Proliferative Vitreoretinopathy (PVR)

Proliferative Vitreoretinopathy (PVR)

Vitrectomy in PVR

Vitrectomy in PVR

Proliferative vitreoretinopathy (PVR) is the most common complication following a retinal detachment associated with a retinal hole or break.  PVR refers to the growth of cellular membranes within the vitreous cavity and on the front and back surfaces of the retina. These membranes, which are essentially scar tissues, exert traction on the retina and may result in recurrences of retinal detachment, even after an initially successful retinal detachment procedure. PVR may be associated with spontaneous reopening of otherwise successfully treated retinal breaks and may even cause the development of new retinal breaks. Finally, PVR may be associated with severe distortion and "stiffness" of the retina, as a result of the contracting membranes. This aspect of the condition not infrequently results in disappointing visual results, despite the very best of management.

Removing the vitreous, and especially the scar tissue from the surface of the retina, is a delicate process that requires the surgeon to lift and peel strands of scar tissue away from the retina. If a scleral buckle had not been previously placed around the eye, one is placed during this surgery. The eye is then filled with air so that the retina is pushed against the back wall of the eye and against the scleral buckle. Once the retina is in place, laser is used to seal the retinal tears, and to form a strong attachment between the retina and the back wall of the eye. At this point, the surgeon will replace the air with a long-acting gas. The gas remains in the eye for many weeks before it is naturally absorbed. The vision is always very poor when air or gas is in the eye. The gas keeps the retina pushed up against the eye wall long enough for the laser burns to heal and take hold. In some cases, the same effect is achieved with clear silicone oil that is placed into the eye. If oil is placed into the eye, it is usually removed at a later time. Following surgery, it may sometimes be necessary for the patient’s head to be positioned in such a way as to help the gas seal the retinal tears. In some cases, extra injections of gas may be required after the surgery.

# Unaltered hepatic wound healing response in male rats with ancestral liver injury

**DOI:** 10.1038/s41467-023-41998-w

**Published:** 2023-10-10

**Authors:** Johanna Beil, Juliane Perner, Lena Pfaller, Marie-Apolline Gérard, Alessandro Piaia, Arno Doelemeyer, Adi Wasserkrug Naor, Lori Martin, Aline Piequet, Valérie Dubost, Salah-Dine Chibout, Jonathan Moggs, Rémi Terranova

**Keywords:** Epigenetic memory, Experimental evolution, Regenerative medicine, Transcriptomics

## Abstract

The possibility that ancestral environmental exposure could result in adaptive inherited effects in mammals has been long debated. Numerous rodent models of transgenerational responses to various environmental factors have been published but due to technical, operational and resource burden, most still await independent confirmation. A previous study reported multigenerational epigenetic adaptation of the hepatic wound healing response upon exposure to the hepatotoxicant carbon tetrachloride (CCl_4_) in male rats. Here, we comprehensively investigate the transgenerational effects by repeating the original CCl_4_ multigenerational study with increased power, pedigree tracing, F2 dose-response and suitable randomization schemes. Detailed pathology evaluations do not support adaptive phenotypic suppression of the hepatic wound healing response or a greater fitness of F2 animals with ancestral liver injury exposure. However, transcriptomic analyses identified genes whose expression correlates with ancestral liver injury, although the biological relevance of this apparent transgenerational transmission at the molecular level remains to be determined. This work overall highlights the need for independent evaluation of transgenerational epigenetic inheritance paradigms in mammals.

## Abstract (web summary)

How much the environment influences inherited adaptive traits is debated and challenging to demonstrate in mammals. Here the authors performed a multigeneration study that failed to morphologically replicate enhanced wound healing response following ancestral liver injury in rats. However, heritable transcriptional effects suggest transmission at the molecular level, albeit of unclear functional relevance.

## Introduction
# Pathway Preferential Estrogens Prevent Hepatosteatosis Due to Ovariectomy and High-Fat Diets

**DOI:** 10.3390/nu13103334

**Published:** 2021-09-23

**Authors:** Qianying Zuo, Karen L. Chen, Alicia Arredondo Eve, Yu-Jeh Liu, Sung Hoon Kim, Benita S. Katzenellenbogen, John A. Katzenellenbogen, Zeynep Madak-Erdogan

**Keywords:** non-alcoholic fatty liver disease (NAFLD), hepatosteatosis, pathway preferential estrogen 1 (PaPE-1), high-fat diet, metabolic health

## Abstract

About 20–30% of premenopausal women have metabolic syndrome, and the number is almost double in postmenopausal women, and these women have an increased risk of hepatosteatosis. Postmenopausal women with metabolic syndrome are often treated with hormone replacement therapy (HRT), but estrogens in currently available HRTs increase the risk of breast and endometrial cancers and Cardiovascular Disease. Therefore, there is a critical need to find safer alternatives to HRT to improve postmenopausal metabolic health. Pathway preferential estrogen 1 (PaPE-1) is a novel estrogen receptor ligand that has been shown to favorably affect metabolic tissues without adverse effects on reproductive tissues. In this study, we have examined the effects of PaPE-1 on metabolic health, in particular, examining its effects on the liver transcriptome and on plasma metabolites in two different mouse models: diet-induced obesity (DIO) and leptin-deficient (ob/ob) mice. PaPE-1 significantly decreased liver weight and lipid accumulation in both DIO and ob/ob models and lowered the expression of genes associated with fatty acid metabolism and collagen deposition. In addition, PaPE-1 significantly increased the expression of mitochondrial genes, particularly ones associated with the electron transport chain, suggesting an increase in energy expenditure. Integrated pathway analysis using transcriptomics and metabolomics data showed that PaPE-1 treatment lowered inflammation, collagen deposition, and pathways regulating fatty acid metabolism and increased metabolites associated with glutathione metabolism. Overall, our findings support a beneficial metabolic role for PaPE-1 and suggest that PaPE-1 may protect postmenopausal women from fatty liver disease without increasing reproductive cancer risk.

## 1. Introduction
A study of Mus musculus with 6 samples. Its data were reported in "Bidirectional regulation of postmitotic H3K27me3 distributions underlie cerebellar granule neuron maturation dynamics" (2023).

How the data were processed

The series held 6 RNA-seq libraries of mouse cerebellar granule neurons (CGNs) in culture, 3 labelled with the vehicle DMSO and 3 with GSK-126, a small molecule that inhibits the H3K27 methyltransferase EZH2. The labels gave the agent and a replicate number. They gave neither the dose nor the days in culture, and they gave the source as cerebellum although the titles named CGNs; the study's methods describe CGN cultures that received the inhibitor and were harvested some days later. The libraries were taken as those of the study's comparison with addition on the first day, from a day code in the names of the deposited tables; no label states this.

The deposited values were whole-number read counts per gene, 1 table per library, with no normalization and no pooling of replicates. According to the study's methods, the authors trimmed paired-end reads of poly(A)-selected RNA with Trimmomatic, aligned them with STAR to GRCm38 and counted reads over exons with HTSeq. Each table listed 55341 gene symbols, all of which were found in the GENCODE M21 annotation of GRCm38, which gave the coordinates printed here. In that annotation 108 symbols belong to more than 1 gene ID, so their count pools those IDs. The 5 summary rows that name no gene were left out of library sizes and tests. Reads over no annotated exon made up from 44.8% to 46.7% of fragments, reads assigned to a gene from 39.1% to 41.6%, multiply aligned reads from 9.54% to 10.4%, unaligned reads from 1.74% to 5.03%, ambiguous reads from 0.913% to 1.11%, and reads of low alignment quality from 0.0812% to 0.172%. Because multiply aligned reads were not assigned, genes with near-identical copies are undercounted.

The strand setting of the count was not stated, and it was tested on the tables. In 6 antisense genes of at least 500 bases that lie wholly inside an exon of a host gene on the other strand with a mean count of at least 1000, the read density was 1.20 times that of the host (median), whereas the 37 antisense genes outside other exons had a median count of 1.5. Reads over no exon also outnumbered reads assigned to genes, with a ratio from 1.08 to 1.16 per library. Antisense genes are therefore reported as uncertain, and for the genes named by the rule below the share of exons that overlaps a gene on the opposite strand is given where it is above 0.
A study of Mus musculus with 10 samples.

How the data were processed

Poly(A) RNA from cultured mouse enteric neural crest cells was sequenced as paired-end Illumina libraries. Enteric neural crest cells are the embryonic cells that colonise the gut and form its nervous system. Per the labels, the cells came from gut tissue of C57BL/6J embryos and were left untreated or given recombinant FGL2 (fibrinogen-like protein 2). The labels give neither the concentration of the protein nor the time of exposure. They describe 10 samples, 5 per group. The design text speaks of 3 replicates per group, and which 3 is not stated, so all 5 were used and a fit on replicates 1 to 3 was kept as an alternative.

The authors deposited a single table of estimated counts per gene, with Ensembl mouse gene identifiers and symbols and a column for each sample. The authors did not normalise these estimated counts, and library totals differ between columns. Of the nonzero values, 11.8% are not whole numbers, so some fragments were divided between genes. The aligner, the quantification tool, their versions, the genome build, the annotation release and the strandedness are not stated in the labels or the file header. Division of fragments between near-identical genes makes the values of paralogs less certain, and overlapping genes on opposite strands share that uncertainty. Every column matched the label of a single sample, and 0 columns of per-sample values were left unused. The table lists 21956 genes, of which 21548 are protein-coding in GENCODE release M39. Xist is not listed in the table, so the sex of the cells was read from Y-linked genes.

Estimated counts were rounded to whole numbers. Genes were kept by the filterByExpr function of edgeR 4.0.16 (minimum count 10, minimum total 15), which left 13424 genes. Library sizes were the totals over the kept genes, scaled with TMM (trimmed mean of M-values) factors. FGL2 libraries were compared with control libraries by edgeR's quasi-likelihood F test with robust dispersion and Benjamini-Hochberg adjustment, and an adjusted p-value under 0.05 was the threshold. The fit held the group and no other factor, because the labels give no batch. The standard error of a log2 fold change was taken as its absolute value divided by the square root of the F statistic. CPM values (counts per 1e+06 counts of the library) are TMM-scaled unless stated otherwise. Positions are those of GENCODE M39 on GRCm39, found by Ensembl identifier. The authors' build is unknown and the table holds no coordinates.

It is important to realize that recovery of vision after surgery for PVR may take many months. The chance of successful retinal reattachment with vitrectomy for PVR is about 80%. The chance of regaining vision that is good enough just to get around is about 60%. Reading vision only rarely returns. It should be clearly understood that the purpose of PVR surgery is to give the patient an eye that would have some vision, and could serve usefully if the other eye ever loses vision entirely.

It takes the vision a long time to completely recover after a vitrectomy. It is important to know that in some cases the scar tissue may re-form after the surgery and cause re-detachment of the retina.